If the Control Center on an iPhone or iPad is sufficiently hidden that many users don't even know it's there, Apple practically shouts about it in comparison to the same feature on Apple Watch. While you get a red dot at the top of the Watch screen encouraging you to swipe down, nothing ever tells you to swipe up.
You do need to be either in an app or looking at a Watch face. If you're on the honeycomb home screen, or the app list view, you can't swipe down to get Control Center.
When you're in an app or on a face, though, swiping up from the very bottom of the screen gets you a compact and extremely useful set of one-button controls for key functions. Many of them are duplicates of controls from the iPhone, so you may have set them there and not looked to see if they're on the watch.
Apple recommends that you briefly touch the bottom of the Watch screen, and then swipe up. In our use, going straight to the swipe works every time — except when the app is presenting a list or anything you scroll up though. In that case, try the touch-and-swipe.
What you can do
- Check battery level
- Ping your iPhone when you can't find it
- Silence the Watch
- Switch to Theater Mode
- Turn Cellular data on or off
These are perhaps the ones you might use the most often, once you know they're there. Depending on which Apple Watch you have, there are up to 13 controls or information icons, and they fall into three broad categories.
Types of Control Center options
- Silencing or Disconnecting the Watch
- Controlling audio
- Enabling features like walkie-talkie or water lock
In every case, you start by swiping up to get Control Center, then scrolling to the control you want. Most of the buttons change color when you've tapped them so that you can see what's been toggled on or off.
Also, each time you tap on any icon, you get a short text description at the top of the screen, that says what you've done. One exception is Wi-Fi — tapping it off does get you the word "Disconnected" for a moment, but tapping it back on doesn't say anything.
Silencing or Disconnecting the Watch
If your Watch is making a sound and you seriously need it to be quiet right now, just cover the face with your palm. But it's only going to make the same sound again the next time there's an alarm, or a notification, so when you know you're going to need some quiet, use Control Center.
To silence the Watch from Control Center, you can choose to turn on all or any of the following.
- Silent Mode
- Airplane Mode
- Do Not Disturb
- Theatre Mode
If you have a LTE Apple Watch, you can also turn cellular off. Just tap the Cellular icon to turn it off or on.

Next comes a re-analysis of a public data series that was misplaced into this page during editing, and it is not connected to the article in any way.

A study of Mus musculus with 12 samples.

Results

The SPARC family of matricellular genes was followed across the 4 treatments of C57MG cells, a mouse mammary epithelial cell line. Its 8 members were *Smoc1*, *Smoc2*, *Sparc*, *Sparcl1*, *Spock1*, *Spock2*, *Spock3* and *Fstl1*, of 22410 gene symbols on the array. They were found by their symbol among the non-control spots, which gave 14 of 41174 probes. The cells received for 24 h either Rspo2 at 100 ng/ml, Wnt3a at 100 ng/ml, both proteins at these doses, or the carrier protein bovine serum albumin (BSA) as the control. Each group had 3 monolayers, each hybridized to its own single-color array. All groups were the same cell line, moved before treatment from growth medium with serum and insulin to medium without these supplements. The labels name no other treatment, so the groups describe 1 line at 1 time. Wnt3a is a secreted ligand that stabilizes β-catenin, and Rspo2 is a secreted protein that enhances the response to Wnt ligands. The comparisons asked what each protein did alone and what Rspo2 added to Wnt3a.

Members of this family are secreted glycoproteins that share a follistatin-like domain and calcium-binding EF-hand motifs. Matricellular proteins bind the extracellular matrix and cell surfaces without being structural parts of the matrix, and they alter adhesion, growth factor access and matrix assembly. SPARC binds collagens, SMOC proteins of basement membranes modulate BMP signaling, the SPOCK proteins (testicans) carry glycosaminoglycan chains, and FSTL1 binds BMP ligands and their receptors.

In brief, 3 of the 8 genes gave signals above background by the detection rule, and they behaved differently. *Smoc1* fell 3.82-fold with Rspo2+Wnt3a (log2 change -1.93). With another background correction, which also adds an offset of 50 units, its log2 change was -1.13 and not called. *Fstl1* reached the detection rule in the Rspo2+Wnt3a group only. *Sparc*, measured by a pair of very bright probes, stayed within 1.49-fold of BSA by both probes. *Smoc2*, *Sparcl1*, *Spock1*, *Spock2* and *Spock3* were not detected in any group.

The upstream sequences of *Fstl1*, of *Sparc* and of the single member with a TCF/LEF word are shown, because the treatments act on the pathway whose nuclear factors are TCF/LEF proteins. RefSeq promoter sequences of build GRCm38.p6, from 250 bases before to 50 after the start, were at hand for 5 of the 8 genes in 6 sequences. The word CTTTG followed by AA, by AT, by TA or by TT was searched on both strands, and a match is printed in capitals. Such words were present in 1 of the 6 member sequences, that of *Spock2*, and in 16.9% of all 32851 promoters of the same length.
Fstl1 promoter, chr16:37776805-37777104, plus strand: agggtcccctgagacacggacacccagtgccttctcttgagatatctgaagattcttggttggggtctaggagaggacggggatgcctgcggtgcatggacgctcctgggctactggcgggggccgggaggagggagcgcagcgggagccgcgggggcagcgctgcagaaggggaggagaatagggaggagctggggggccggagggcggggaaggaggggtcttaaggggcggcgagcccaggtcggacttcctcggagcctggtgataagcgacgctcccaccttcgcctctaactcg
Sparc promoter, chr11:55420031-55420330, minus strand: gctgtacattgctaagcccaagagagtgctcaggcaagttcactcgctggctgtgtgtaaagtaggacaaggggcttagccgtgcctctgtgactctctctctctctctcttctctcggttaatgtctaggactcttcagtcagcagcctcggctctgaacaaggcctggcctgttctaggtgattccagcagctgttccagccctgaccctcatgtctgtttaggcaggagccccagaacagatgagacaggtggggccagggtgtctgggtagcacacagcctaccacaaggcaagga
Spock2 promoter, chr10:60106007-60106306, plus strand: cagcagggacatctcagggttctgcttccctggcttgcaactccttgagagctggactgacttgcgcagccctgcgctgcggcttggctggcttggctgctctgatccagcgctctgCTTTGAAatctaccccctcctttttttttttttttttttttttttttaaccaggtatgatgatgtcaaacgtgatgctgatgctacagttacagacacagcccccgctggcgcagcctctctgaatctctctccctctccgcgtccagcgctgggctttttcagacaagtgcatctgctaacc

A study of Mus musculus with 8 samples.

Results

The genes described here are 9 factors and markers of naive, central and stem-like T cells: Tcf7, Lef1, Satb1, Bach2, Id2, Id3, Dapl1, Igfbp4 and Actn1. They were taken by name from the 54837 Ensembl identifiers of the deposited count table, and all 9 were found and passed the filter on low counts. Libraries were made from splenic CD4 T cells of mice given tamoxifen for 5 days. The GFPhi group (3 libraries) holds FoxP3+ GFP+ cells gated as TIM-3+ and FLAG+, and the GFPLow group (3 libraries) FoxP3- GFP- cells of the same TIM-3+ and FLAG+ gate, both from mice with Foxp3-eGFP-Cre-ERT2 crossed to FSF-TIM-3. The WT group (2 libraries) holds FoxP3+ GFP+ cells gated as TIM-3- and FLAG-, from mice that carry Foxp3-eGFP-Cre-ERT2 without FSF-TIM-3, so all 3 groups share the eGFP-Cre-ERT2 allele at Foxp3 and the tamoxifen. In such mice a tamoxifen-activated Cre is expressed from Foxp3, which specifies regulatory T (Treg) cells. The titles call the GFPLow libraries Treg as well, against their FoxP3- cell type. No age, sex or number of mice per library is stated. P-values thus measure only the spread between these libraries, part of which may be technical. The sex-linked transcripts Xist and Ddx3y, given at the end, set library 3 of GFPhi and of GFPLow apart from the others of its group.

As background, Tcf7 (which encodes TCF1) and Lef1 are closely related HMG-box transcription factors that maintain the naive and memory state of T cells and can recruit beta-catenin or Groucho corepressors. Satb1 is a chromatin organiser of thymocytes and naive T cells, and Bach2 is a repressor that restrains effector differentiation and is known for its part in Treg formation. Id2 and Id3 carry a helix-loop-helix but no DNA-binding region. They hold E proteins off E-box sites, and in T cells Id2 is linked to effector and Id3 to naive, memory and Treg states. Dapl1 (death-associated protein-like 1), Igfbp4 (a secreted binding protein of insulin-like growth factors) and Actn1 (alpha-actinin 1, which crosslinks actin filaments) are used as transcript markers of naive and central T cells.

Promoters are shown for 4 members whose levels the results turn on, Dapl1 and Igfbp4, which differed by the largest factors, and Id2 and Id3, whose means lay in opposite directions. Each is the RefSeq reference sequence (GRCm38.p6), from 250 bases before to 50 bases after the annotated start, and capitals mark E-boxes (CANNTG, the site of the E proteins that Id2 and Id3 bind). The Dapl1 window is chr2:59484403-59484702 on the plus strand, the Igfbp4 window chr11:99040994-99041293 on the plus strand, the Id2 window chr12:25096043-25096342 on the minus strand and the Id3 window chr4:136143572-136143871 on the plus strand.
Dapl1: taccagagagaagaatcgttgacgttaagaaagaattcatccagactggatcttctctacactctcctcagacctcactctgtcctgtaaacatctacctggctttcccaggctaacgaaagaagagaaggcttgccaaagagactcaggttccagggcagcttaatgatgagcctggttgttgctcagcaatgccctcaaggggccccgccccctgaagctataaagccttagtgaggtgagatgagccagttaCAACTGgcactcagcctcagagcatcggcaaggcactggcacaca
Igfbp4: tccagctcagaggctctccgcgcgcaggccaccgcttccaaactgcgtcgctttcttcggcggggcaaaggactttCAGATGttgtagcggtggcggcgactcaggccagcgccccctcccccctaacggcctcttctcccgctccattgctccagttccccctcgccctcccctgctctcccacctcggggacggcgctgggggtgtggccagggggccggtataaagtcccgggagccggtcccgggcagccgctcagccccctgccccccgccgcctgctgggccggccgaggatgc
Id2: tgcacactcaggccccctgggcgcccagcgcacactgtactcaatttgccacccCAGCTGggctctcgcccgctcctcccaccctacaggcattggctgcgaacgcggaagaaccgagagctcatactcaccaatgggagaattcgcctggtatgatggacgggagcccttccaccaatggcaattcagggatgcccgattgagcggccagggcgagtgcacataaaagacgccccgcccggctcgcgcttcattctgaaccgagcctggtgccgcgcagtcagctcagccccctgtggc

Similarly, you can also turn off Wi-Fi, which would stop you getting certain notifications such as new mail messages. It won't stop alarms or reminders, however.
It would be good if there were a single control that would quieten the Watch when you needed it. You'd also think that this must be what Silent Mode is for, but no.
Silent Mode stops alarms sounding. Rather than making a noise, alarms solely tap you on the wrist.
It also doesn't prevent Siri from answering you verbally, not without you taking steps to make sure it does. To stop Siri chatting to you, and to have it only speak when Silent Mode is off, you have to leave Control Center.
- Go to Settings
- Scroll to Siri and tap
- Scroll to Voice Feedback
- Tap Control with Silent Mode
Even Apple Watches that have speakers will not play music. It doesn't matter if the speakers are so loud that it sounds as if Siri is a person standing next to you, they will not play a note.
They will, though, route audio to speakers or headphones. If you want to listen to music, either your own tracks stored on the Watch or streaming Apple Music, you can do it.
There are two ways of getting to this control and one reason you should use the Control Center option. If you don't, if you just play music, then when it starts, you'll typically get a list of possible devices to stream the music to.
It could just play out immediately on whichever device you used last and is nearby, though. So to stop those loud first notes of Mahler or Hall & Oates booming out through your Bluetooth speakers, open Control Center before you hit Play.
Look for the AirPlay-style icon and tap that. It will list previously used headphones or speakers, and give you the option to connect to a new device.
It will also give you the option to select the Apple Watch. Since the Watch just won't play any music, that's like choosing to de-select everything else.
Enabling features like walkie-talkie or water lock
Even if you are a fan of Walkie-Talkie and the ability for people to interrupt you at any time with a voice message, there are moments when you don't want it. Open Control Center, swipe to the Walkie-Talkie icon and tap to turn it off.
The button is yellow when it's on and black when it's off. It does display a message saying "Walkie-Talkie Available," but only at the top of the list. By default, this control is at the bottom so you can't see that text — unless you customize the layout.
Customizing Control Center
Unlike with the iPhone, you can't add controls to Control Center. All of the ones available to your Watch are already present and active.
However, you can reorder them to bring ones you use most often up to the top.
- Swipe up to open Control Center
- Scroll to the bottom
- Tap on Edit
- Press and hold on any one control
- Drag to rearrange and let go
- Repeat with as many controls as you want
- Tap Done
As with the iPhone's equivalent, you can't add third-party controls to Control Center. However, while it would be handy to have them on the iPhone, here the same job of quickly tapping to get a feature can be done with Complications.
Still, for accessing the basic functions of the Apple Watch, and for applying overall settings like shutting the thing up, Control Center is a boon.